14th Robert Lee Sutherland Seminar Wrap-up
Seminar Sparked Rich Dialogue on the Intersection of Cultural Competence and Evidence-Based Practices
March 1, 2007
On November 30 to December 1, 2006, the Hogg Foundation for Mental Health hosted the Fourteenth Robert Lee Sutherland Seminar, "Transforming Mental Health Services in Texas: Building Bridges Between Cultural Competence and Evidence-Based Practice." This biennium's seminar was held in Houston.
Approximately 200 clinicians, researchers, policymakers, consumers, and family members from around the state attended the Robert Lee Sutherland Seminar, which focused on cultural adaptations of evidence-based mental health treatments.
The Hogg Foundation sponsored the seminar to share a wealth of information and diverse perspectives on cultural adaptations and to promote dialogue and progress on this vital issue.
More information about the seminar, including the conference agenda, is available on the Foundation's website at: www.hogg.utexas.edu. Video clips, speakers' PowerPoint presentations, and related articles will be posted on the website.
Cultural Adaptation: A Timely Focus
Nationwide, policymakers and payers are encouraging, sometimes even requiring, mental health providers to use evidence-based practices (EBPs) in their work with clients. EBPs, like cognitive-behavioral therapy, are mental health treatments that have been shown to work across multiple research trials.
The rationale is that treatments that are successful in carefully designed research studies are more likely to help clients in the "real world" than untested approaches that providers may use. EBPs are equated with quality mental health care. While no one would argue against the need for quality mental health services, the push for EBPs as the solution is controversial. A critical issue is the cultural relevance of these treatments.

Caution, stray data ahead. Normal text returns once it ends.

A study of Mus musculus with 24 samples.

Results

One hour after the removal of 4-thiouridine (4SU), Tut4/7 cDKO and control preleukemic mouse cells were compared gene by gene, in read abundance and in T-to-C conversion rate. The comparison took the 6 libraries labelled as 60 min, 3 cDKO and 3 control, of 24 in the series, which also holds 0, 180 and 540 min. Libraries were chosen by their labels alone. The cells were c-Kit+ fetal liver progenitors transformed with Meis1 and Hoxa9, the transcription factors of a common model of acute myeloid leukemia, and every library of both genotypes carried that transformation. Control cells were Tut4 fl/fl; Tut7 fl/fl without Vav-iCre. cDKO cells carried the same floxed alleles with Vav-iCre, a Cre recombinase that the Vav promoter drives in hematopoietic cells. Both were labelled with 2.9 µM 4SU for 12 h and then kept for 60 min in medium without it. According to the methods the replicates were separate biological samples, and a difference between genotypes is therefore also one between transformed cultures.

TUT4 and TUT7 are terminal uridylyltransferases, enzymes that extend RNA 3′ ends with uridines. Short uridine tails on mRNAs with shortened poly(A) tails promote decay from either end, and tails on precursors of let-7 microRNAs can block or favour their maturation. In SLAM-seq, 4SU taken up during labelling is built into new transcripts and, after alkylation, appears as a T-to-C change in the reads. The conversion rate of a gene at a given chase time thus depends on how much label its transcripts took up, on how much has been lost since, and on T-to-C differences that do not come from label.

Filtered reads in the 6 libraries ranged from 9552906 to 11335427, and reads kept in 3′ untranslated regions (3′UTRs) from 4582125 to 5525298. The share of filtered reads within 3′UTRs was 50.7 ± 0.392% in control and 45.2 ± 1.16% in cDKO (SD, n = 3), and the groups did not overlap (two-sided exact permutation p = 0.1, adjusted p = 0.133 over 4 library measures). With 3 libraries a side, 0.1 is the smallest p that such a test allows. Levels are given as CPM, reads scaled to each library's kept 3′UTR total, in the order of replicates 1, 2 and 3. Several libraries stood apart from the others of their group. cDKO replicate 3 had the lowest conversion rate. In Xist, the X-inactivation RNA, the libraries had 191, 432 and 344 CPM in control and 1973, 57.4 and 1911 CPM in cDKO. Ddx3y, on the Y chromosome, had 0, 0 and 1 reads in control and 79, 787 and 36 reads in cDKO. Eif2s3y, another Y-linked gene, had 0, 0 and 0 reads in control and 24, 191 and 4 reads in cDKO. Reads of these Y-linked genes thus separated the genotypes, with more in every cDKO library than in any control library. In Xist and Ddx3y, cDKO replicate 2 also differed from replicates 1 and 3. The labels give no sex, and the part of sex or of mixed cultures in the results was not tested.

The majority of participants in EBP research are white and middle class. Although people of color are rarely well represented in these studies, the assumption is that a treatment that works well for a white, middle class population will work well for everyone.
Unfortunately, this assumption runs counter to decades of research demonstrating that there are important ethnic and racial differences in how people think about mental illness, seek help, and participate in treatment.
There is good reason to believe that one size may not fit all. Now a "majority-minority" state, Texas must find ways to provide quality mental health services to people of all cultures. Some research studies have shown that EBPs can work for people of color.
Particularly compelling is the emerging research demonstrating that EBPs are successful with people of color when their delivery is modified to address clients' cultural differences. Culturally adapting EBPs is the cutting edge of quality mental health care. Visit the Foundation's website to learn more about its Cultural Adaptation Initiative.
History of the Robert Lee Sutherland Seminars
Biennially, since 1978, the Foundation has convened the Robert Lee Sutherland Seminars to encourage people to work cooperatively to address timely issues for the improvement of mental health and the quality of life in Texas.
The Seminars are a living tribute to the first director of the Hogg Foundation for Mental Health, Dr. Robert Lee Sutherland, who led the Foundation for 30 years (1940-1970).
During his tenure, Dr. Sutherland brought together people and ideas in the pursuit of innovation and cooperation for mental health initiatives in Texas.
Through these seminars, the Foundation brings together participants with state and national experts to discuss critical issues in mental health. In 2004, the Seminar focused on the reduction of seclusion and restraint in "Safe and Appropriate Behavioral Interventions: Changing the Culture of Care."
More information about previous Robert Lee Sutherland Seminars is available on the Hogg Foundation's website.